Open to the Public
Why We Selected This Site
Friends and family of Roger Perry, a devoted conservationist, honored his memory by donating this preserve to The Nature Conservancy in 2001. Although small in total area, this preserve captures a high-quality fen complex that is ecologically significant on a statewide level. These particular rich sloping fens are globally rare and often occur in small areas less than an acre in size. The preserve also harbors a diversity of nesting and migratory bird species.
What We Do Here
Removing invasive plants such as purple loosestrife, Japanese barberry and spotted knapweed from the fen complex is a major priority for The Nature Conservancy.
A short, easy loop trail holds surprises even for the most seasoned New York naturalist. Sparkling white sand covers much of the land, punctuated by limestone outcroppings, dense conifer forest, and secluded fens. This landscape mosaic is unlike any other habitat in the region. Due to the sensitivity of the fens to trampling, please stay on the trail.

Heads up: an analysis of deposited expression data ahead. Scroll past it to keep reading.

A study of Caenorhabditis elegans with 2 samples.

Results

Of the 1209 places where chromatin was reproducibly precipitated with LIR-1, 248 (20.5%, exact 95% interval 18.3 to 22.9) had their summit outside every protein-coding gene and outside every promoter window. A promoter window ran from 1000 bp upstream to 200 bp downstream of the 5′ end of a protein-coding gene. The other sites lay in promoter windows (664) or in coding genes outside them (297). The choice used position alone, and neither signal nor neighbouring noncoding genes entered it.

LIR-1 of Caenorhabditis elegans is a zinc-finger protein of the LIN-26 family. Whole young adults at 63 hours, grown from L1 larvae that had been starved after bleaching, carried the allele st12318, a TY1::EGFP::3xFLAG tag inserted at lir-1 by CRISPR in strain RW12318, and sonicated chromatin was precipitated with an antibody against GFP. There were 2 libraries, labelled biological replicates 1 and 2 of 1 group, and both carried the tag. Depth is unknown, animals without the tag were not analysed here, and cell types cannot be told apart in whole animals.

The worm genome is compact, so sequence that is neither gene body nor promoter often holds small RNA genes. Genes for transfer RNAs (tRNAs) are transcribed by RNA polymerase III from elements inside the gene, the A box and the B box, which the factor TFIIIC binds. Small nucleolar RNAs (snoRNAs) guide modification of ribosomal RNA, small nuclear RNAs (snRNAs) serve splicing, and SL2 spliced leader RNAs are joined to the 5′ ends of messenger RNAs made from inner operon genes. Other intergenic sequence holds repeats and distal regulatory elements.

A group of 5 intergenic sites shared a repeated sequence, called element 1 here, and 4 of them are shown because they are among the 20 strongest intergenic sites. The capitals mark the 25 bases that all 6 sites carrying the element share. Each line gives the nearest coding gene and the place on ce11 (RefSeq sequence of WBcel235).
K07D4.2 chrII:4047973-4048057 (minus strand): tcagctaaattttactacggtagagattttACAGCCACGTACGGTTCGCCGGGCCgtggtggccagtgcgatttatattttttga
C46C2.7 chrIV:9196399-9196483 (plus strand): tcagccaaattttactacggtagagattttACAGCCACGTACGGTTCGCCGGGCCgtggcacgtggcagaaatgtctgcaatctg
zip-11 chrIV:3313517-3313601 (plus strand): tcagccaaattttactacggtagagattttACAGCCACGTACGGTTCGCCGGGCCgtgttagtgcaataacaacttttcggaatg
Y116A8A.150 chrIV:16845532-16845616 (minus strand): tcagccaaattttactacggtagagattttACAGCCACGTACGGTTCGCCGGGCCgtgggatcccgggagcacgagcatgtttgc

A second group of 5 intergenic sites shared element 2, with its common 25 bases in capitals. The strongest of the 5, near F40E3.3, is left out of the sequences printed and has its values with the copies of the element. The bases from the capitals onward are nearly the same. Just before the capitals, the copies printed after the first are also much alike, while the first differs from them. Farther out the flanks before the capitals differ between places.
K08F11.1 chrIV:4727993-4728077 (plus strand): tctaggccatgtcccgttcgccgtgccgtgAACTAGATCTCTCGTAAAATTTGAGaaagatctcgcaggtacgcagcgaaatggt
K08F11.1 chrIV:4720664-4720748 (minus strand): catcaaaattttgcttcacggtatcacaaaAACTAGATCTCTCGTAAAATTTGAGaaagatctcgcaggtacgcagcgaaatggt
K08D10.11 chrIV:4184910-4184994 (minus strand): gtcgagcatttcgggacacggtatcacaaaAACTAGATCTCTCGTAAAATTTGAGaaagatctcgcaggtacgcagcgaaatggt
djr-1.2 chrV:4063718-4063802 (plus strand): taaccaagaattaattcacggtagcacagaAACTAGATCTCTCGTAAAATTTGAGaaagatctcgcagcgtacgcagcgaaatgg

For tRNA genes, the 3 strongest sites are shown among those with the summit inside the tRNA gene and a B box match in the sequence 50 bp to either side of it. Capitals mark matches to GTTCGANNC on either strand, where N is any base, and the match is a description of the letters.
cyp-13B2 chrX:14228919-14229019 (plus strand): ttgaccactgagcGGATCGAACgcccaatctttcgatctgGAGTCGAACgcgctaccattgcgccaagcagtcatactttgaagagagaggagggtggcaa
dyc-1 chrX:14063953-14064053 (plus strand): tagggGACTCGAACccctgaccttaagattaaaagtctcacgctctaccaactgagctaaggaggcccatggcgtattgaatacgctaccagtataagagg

This is one of less than ten sites in New York where you can find the state-rare Carolina whitlow-grass, which bears small yellow flowers in early spring. Other rare plants here include grass-of-Parnassus, Bicknell's sedge, green milkweed, yellow wild flax, basil and Torrey's mountain mint, lyre-leaved rock cress, shrubby cinquefoil and fringed gentian.
Birds: Ruby-throated hummingbirds, indigo buntings, cedar waxwings, Baltimore orioles, warblers, belted kingfishers and flycatchers.
Reptiles: Spotted turtles, wood turtles, painted turtles, bullfrogs, green frogs, eastern spadefoot toads, pickerel frogs, redback salamanders and garter snakes.
Insects: Seven species of dragonflies and damselflies, including brush-tipped emerald dragonflies, sedge sprites and eastern red damselflies.
This 120-acre reserve is located in Dutchess County, New York.
- Take I-684 to Route 22 North.
- Stay on Rt. 22 through Pawling.
- Approximately five miles after Wingdale, turn right onto County Rt. 6 and travel 1.4 miles to a fork in the road with a bench.
- Turn sharply left at this fork onto Lime Kiln Road, and travel 1.2 miles to Sand Hill Road (it's a sharp right).
- Drive 0.2 miles further where you will see a small parking area on the right.